Last night, when lightning struck four people in Lafayette Square, officers from the United States Park Police and the Secret Service happened to be on routine patrols nearby. They responded immediately, and their actions have been credited with saving the life of one victim (who remains hospitalized in critical condition) and aiding the initial survival of the three victims who later died.
We spoke with Captain Jean-Philippe Charles of the Secret Service Uniformed Division—whose wedding we coincidentally covered in 2019—about his experience responding to the lightning strike last night.
What exactly happened last night?
So during our afternoon shift yesterday, we had some inclement weather rolling over the White House. And during that, there were lightning strikes in the area. We had one particular officer doing what we call a “foot beat” on Pennsylvania Avenue directly in front of the White House. And he was the one that was able to observe the lightning strike and observe some individuals that appeared to be struck by the lightning and were in medical distress. And he immediately put that over the air. Once they put that over the air, of course, our officers jumped into action, as they always do.
As the watch commander on duty for the shift, I was in the office at the time. As soon as I heard that call, I immediately started putting on my raincoat and heading out there, because I knew anything dealing with any kind of lightning strikes is not going to be a good thing.
What was the scene like when you arrived?
The officers were already involved in rendering the emergency life-saving aid that these individuals needed. So once I got there, there was already CPR in progress. We had [defibrillators] on all the individuals, I believe some of the officers were even attempting to administer oxygen. It was like clockwork. They were working as a team. It was synchronized. They did a phenomenal job. I’m not sure if you’re aware, but our officers respond to medical emergencies almost on a daily basis.
What kinds of medical emergencies?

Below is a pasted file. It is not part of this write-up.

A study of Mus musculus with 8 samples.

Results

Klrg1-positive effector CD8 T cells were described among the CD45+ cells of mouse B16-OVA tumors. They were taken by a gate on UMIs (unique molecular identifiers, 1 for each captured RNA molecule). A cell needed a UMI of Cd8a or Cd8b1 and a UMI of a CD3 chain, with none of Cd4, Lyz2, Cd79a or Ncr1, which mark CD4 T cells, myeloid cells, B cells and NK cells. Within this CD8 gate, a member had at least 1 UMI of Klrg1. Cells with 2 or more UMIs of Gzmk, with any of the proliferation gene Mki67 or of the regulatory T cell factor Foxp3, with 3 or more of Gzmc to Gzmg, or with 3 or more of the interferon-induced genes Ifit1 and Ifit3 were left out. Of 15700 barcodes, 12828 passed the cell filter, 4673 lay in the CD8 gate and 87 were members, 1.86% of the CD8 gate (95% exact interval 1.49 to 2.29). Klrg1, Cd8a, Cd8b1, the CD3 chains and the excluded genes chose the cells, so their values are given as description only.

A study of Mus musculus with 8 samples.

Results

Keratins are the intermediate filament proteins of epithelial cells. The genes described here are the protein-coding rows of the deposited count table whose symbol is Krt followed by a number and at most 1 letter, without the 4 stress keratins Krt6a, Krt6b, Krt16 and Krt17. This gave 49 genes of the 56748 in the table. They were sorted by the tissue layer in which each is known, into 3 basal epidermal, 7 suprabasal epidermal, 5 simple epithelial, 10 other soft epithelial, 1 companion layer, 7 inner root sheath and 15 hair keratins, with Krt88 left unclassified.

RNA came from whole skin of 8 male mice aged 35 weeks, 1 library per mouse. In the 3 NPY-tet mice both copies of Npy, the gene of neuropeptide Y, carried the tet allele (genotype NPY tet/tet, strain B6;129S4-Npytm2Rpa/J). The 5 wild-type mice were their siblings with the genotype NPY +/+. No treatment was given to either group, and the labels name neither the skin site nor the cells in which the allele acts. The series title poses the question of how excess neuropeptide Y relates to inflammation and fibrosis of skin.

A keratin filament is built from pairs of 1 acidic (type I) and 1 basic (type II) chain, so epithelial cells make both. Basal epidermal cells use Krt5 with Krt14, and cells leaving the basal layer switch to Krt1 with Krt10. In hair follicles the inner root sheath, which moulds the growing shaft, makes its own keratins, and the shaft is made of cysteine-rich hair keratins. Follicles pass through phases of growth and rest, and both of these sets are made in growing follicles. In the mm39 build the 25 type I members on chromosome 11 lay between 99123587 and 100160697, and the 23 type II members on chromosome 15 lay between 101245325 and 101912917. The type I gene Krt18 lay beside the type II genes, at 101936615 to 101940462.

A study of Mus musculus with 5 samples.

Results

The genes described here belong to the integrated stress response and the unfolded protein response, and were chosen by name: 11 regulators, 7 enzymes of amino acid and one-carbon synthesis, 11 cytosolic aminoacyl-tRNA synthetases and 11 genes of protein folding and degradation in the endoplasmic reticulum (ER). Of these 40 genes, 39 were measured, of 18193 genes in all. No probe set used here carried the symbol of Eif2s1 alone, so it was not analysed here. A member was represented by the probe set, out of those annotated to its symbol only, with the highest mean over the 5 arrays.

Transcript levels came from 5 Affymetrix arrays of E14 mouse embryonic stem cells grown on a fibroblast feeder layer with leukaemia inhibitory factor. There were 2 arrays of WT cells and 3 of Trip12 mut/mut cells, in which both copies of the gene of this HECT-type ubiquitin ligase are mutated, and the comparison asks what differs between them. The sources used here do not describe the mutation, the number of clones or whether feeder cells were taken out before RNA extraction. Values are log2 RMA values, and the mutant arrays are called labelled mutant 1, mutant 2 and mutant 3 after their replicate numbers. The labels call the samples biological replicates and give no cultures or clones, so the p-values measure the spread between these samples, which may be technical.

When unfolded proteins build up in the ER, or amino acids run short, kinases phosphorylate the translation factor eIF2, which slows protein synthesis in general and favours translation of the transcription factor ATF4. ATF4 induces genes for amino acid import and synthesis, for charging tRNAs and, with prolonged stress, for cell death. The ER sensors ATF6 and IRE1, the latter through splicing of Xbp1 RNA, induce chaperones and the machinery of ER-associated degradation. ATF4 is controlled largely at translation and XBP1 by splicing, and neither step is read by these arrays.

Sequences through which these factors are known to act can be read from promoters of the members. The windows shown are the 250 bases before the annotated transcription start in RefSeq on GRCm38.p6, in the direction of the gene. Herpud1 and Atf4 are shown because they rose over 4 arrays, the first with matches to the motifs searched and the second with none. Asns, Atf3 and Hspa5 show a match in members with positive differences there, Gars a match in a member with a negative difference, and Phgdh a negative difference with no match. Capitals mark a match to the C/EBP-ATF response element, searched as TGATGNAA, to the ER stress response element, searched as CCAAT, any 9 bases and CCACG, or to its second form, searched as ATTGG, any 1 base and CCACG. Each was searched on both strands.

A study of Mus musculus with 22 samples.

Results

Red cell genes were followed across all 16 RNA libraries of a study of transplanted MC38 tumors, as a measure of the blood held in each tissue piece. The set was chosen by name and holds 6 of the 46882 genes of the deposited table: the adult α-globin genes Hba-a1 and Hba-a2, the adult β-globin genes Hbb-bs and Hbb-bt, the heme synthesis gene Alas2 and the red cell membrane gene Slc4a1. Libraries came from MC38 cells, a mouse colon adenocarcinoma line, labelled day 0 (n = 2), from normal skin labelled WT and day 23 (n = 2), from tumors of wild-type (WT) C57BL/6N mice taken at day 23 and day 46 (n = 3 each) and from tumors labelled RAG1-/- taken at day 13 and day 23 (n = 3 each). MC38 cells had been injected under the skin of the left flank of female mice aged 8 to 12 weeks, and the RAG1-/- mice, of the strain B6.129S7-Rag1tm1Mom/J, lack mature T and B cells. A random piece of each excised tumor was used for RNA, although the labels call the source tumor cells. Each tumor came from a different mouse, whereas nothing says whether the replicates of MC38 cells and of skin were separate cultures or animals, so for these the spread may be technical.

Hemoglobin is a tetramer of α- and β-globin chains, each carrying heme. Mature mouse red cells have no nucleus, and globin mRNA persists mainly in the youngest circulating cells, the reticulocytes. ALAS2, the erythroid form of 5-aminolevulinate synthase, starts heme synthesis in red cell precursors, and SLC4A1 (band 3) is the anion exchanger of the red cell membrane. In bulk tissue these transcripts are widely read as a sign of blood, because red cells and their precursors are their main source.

As Secret Service police officers, we [serve] the public space directly surrounding the White House. So we respond to calls such as stabbings, incidents involving guns, incidents involving individuals suffering from heatstroke, chest pains—any typical medical call that you can think of, we are exposed to in the areas around the White House. So our officers all undergo emergency medicine training during their academy training. And they also receive additional in-service emergency medical training throughout their careers. We even have some officers who go above and beyond that and become certified EMTs. And we definitely had some of those EMTs on the scene yesterday, who were providing some of those life-saving efforts.
Have you responded to lightning incidents before?
Yes. So the most recent one prior to this one was during the civil unrest back in 2020. There were two National Guardsmen who were assisting us with the civil unrest, and there was a lightning strike in Lafayette Park as well at that time. And we were able to get them medical treatment.
Was it a concern last night that officers might get struck attempting to provide aid during the storm?
It’s always a concern, but that does not deter officers from jumping in there and providing the assistance that folks need. That’s the last thing on their minds. It’s the same notion when there’s gunfire—the majority of the public runs away from it, and we run towards it. If there’s someone in medical distress, we’re gonna go in there regardless. We’re in and around the White House 24 hours a day, 365 days of the year, regardless of weather, regardless of temperature, regardless of what’s going on. So I couldn’t be more proud of the response that they provided yesterday.